2020 changed the way that consumers engage with brands completely. Where previously, brands could take over areas of public space, reaching potential customers in train stations, shopping centres and even the sides of buses, they now find that their audience isn’t in the streets anymore, and their efforts are being wasted.
Brands are starting to see the value in a different kind of marketing – reaching audiences in the home. But how do you create brand presence at home? And how can you navigate consumer sentiments about intrusive and annoying advertising?
The answer is to create experiences, rather than ads – the more that your marketing is tailored towards supplying something valuable to your audience, the more likely they are to engage with your brand, and become customers in the long run. This isn’t restricted to old-school door drops – your content just needs to be more agile.
The decline of direct-to-home
Once, direct to home marketing was all the rage. Marketers sent out regular mailers, sales people walked right up to front doors, and telemarketing was the primary method used by most major brands throughout the 90s and 00s. However, direct marketing in this way rapidly meant businesses were getting a bad name – unsolicited calls and letters became a nuisance, and so brands adopted other methods of attracting potential customers.
With the rise of digital marketing, changes in GDPR, and the knowledge that up to 90% of junk mail goes straight into the bin, it’s no surprise that larger brands have leaned away from reaching audiences at home.
This changed in 2020. With government stay at home orders still in place, the world of marketing finds itself on shaky foundations. Rather than investing in PR stunts, billboards, and store advertising, it meant that there was only one place to catch potential customers – in their homes. Ordinarily, TV advertising would thrive, but with streaming services becoming the norm, even this avenue isn’t proving as lucrative as it has in the past. Audiences are hungry for something more, and in order to actually activate your content, you need to deliver it in the right way.
Experiential means reaching people in the places that work for them
People hate adverts. It’s a simple fact that brands come up against, no matter what they sell. In recent years, adverts have been showing up across platforms so frequently that the consumer has developed ‘ad-blindness’, and is trained to spot the signals, no matter how well you disguise it. With influencers having to declare paid promotions and unskippable ads infiltrating platforms like YouTube and the ever-declining Snapchat, the importance of advertising without actually advertising is becoming more difficult. To reach your audience in a way that doesn’t make them instantly hate your brand, you need to be more focused on reaching them in the right way , and providing an experience that’s more tailored to where they are and what they want to see. The digital space means that consumers have a variety of choice, and more power than ever. This means brands need to be able to show off why their brand can add value.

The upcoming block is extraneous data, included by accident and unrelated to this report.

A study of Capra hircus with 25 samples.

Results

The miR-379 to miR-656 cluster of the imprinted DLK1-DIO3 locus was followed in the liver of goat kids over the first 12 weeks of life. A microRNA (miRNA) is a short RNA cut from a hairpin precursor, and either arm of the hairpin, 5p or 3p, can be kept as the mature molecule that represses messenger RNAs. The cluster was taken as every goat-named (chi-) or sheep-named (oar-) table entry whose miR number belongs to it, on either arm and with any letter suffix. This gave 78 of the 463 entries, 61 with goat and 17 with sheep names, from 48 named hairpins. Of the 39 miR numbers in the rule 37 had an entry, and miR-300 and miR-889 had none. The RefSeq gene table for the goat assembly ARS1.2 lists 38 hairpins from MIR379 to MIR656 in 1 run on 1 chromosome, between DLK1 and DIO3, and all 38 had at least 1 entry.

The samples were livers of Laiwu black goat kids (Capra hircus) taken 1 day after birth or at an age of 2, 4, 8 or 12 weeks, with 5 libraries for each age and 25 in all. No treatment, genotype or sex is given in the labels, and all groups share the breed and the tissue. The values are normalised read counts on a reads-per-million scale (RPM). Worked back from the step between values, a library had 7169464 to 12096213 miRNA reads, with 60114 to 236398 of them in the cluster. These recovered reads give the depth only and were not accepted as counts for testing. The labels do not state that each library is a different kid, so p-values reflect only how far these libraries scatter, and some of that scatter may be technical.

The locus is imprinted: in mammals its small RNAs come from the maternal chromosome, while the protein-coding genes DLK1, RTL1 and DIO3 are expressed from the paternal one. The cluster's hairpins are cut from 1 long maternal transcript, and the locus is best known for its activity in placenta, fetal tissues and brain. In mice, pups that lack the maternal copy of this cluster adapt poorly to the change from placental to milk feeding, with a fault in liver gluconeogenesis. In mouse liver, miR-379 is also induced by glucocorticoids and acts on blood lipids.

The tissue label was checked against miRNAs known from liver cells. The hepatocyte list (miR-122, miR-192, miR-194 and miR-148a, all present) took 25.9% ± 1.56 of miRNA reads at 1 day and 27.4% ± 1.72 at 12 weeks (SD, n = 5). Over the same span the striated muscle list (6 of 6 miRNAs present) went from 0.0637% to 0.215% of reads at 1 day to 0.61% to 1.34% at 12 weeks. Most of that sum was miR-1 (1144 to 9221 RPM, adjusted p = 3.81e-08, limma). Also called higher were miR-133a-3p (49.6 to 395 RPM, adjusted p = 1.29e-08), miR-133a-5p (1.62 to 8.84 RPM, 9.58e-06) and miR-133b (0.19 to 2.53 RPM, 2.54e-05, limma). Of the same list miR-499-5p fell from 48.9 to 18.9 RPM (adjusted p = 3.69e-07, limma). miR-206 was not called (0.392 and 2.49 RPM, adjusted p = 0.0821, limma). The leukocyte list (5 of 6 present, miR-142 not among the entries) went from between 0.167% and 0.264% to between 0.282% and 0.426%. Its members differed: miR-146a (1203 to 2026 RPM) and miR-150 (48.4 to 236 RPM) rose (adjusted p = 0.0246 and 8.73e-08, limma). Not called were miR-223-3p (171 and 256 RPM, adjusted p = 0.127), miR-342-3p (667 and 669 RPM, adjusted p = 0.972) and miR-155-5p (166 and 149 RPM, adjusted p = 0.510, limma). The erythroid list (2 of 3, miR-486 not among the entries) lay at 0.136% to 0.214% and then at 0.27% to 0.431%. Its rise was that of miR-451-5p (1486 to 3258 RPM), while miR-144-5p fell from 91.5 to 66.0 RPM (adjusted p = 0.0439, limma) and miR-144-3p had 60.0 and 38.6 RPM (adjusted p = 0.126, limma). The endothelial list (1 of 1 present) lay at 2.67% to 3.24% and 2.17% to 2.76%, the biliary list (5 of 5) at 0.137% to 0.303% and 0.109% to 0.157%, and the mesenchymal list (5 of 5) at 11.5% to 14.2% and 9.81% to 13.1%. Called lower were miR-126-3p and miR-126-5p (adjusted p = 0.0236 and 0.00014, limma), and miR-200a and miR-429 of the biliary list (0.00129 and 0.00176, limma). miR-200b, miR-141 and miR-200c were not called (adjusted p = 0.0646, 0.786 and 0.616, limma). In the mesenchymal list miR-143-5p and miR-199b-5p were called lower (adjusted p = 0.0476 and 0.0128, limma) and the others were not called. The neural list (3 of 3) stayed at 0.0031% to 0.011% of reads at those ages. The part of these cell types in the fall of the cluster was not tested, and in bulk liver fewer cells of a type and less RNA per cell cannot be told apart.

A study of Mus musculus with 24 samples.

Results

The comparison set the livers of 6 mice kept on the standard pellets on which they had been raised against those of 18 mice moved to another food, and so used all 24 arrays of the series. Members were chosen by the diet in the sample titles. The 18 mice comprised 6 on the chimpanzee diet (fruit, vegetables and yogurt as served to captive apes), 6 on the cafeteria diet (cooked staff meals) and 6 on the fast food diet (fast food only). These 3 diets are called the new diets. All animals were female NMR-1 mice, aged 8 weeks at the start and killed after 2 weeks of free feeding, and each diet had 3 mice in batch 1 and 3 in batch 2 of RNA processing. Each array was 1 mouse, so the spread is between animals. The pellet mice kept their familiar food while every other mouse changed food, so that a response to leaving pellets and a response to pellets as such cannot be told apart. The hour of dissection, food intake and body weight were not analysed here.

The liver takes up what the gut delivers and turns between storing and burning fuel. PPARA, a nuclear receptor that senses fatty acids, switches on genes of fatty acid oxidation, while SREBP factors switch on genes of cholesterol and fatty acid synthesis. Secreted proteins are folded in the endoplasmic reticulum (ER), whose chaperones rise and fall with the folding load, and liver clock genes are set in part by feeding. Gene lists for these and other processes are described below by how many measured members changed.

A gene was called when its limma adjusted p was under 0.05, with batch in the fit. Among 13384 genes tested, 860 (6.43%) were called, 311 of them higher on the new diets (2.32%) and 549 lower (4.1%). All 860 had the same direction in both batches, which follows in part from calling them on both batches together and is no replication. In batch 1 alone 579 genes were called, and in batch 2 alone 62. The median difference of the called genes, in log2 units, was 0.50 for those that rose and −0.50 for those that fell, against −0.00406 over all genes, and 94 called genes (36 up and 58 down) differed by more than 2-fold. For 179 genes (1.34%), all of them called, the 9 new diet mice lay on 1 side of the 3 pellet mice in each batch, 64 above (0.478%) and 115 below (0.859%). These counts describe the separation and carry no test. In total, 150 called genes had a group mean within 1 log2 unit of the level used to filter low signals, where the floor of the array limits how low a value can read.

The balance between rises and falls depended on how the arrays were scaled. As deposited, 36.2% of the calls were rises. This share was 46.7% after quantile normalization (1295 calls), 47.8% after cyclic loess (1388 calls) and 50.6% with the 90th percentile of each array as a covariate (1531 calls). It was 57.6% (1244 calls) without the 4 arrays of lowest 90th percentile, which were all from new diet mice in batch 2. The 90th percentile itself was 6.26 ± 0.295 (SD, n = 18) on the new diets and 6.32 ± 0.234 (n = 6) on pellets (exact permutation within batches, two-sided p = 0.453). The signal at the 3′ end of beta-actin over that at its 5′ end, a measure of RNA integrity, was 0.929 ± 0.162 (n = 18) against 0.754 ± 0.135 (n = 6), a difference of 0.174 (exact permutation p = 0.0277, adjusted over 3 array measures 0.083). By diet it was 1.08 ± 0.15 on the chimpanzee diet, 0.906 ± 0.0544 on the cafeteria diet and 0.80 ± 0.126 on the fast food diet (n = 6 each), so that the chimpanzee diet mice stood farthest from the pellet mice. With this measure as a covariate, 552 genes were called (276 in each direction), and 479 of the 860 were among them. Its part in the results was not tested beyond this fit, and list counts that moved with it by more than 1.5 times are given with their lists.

Throughout the first lockdown in the UK, brands stumbled over themselves to flood social media with what they believed would engage their audience. From Instagram live giveaways to LinkedIn webinars, the market became saturated with brand after brand attempting to carve out a place for themselves online – but inadvertently managing to look exactly the same as everyone else. With large scale events out of the picture for the foreseeable, it’s time for brands to pivot their efforts into creating experiences online that aren’t stuck in the past.
Reaching the home digitally
In 2020, the BBC managed to pull off a virtual variety show featuring the likes of Taylor Swift , Billie Eilish, the Rolling Stones and Sam Smith, and brands like Brewdog launched an online bar to provide people with an at-home experience throughout lockdown. Importantly, these events, and the marketing activities surrounding them, managed to tap into what home audiences were missing – with gigs cancelled and pubs closed to the public, people at home were missing in-person interactions. Your brand’s marketing needs to be doing the same thing.
With tech, we are now more able to reach audiences in their homes than ever before. Plus, we’re in a position to bring events to the virtual space using VR and AR, technologies that many brands are reluctant to adopt. Creating immersive experiences means creating events that audiences can feel like they’re a part of. It’s this reason that content like quizzes, polls, and games have been climbing in popularity, while older static ads are vanishing from our screens.
In 2021, direct to home marketing needs to have a different meaning. Reaching people in their homes is no longer about sending out mailers or picking up the phone, but rather about creating rounded experiences centred on your brand. With the ability to create personalised, modern experiences via your brand’s app, or through online events that encourage collaboration and enable audiences to feel connected, you’re able to reach your potential customers where they need it most – and where they’re comfortable. Lockdown has changed the ways that consumers interact with brands – they’re no longer after generic ads, but want to see a more tailored, personal connection. The brands that truly understand their audience and how to reach them will be the ones that thrive in 2021.
Want to reach your audience more effectively this year? Trunk specialises in creating strategy-led content that connects with your customers – get in touch to find out about how we could boost your brand to the next level in 2021.